How does a software optimise your manufacturing processes?

How does a software optimise your manufacturing processes?

We previously wrote about the benefits a software can bring to your sales or operations. Today we'd like to show you how these software can be used outside the office, optimising your manufacturing processes.

Product Lifecycle Management

A manufacturing software is made up of multiple modules. The first one is the PLM or product lifecycle management. The PLM's goal is to plan a product from design and manufacturing schemes to servicing and disposal.

Let's take a real-life example. One of our oldest clients is manufacturing consumer electronics. In their case, the PLM software contains all the documents related to products and organises the necessary human resources. It also contains the bill-of-materials (BoM) and service manuals.

Think of a PLM, like a hub which supplies information about a product to the company and other software modules.

A PLM documents every stage of a product's lifecycle
A PLM documents every stage of a product's lifecycle

Optimal Inventory

The effective manufacturing process starts when a request comes in through the CRM. When a request is transformed into an order, it gets sent to the MRP, or material requirements planning module. As its name implies, the MRP's tasks were related to requirements planning, but with the introduction of the MRP II, it could also handle capacity planning as well. Let's see what this means in practice.

The MRP's primary goal is to ensure that all the materials and resources are ready for production, while also making sure that we only have minimal inventory. This is called optimal inventory, and its purpose is to lower our warehousing and transport costs.

The MRP module receives the BoM from the PLM, and based on the orders, it calculates the necessary inventory levels for the upcoming period and tells us exactly when to procure supplies. This is then communicated to the inventory and supply chain modules.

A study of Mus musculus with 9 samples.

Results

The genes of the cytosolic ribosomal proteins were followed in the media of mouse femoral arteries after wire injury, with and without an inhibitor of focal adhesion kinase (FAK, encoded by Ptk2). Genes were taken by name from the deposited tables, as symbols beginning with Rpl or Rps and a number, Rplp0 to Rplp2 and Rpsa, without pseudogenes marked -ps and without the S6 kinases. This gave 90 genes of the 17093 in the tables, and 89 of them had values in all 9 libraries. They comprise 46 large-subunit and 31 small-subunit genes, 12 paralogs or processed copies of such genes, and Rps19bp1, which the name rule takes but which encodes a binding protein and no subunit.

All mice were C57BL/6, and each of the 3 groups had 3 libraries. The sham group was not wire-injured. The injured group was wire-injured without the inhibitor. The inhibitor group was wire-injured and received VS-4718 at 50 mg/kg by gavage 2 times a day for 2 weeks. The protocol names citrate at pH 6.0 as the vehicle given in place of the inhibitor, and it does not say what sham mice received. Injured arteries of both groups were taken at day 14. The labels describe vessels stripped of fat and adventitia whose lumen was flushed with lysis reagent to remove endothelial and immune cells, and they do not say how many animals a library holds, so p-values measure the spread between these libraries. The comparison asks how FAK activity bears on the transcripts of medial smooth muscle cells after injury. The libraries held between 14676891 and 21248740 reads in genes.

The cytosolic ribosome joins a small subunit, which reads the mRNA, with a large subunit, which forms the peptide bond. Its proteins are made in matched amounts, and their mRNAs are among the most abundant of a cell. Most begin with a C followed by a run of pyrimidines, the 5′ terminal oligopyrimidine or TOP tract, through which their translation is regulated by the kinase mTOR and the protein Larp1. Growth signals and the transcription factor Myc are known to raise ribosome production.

In an ideal situation, we can create a zero inventory manufacturing process. That means that as the shipment arrives from your supplier, it's immediately used in production. This is one of the pillars of the Just-in-time methodology developed in the ‘60's by Toyota.

An optimal inventory means we only keep the bare minimum of stock
An optimal inventory means we only keep the bare minimum of stock

Optimal manufacturing processes

An MRP software's other feature is to ensure that we always have enough products to fulfill every order. This is done by aligning procurement with orders and service requests, and planning resources and capacity for the upcoming period and the different production facilities.

Just-in-time production demands that downtimes are reduced. Material conveyance, machine tooling or waiting times related to human resources can all be considered as downtime. An MRP software takes into consideration all these parameters when planning production.

The MRP is also responsible for preventive maintenance. From the production data, an MRP can calculate exactly what the mean time between failure (MTBF) and mean time to repair (MTTR) is, or when the next failure is expected to happen. Based on this information, the software can plan preventive maintenance to avoid failures and the interruption of production.

An MRP module contstantly communicates with the PLM and other modules
An MRP module contstantly communicates with the PLM and other modules

Quality Control

Quality control is another important feature of a production software. We can set up control points in the different stages of a process. For example, we can set up a control point to monitor the scrap rates after cutting. If the scrap rate increases, we can document and analyse the problem. If the root cause is found, we can take preventive measures so it doesn't happen again.

A software is capable of recording a huge amount of manufacturing data. This can be machine data, cycle times, or the aforementioned tooling and maintenance times.

Acting on this data, and MRP can create detailed statistics and reports from which you can get a precise picture or your production costs or it can give you and idea on which process you need to improve. Modern MRP software are even capable of machine learning, which means they can learn from this data and fine-tune processes without outside intervention.

You can set up various control points to ensure production quality
You can set up various control points to ensure production quality


Let's reiterate how a manufacturing software can help. Putting it simply, it helps improve your manufacturing efficiency and lower your costs.

This is achieved by:

  • organising product information
  • optimising the supply chain
  • scheduling production and maintenance
  • quality control
  • generating precise statistics and reports.

If this article was interesting to you, and you'd like to learn more about how a software can help your manufacturing efforts, get in touch with us!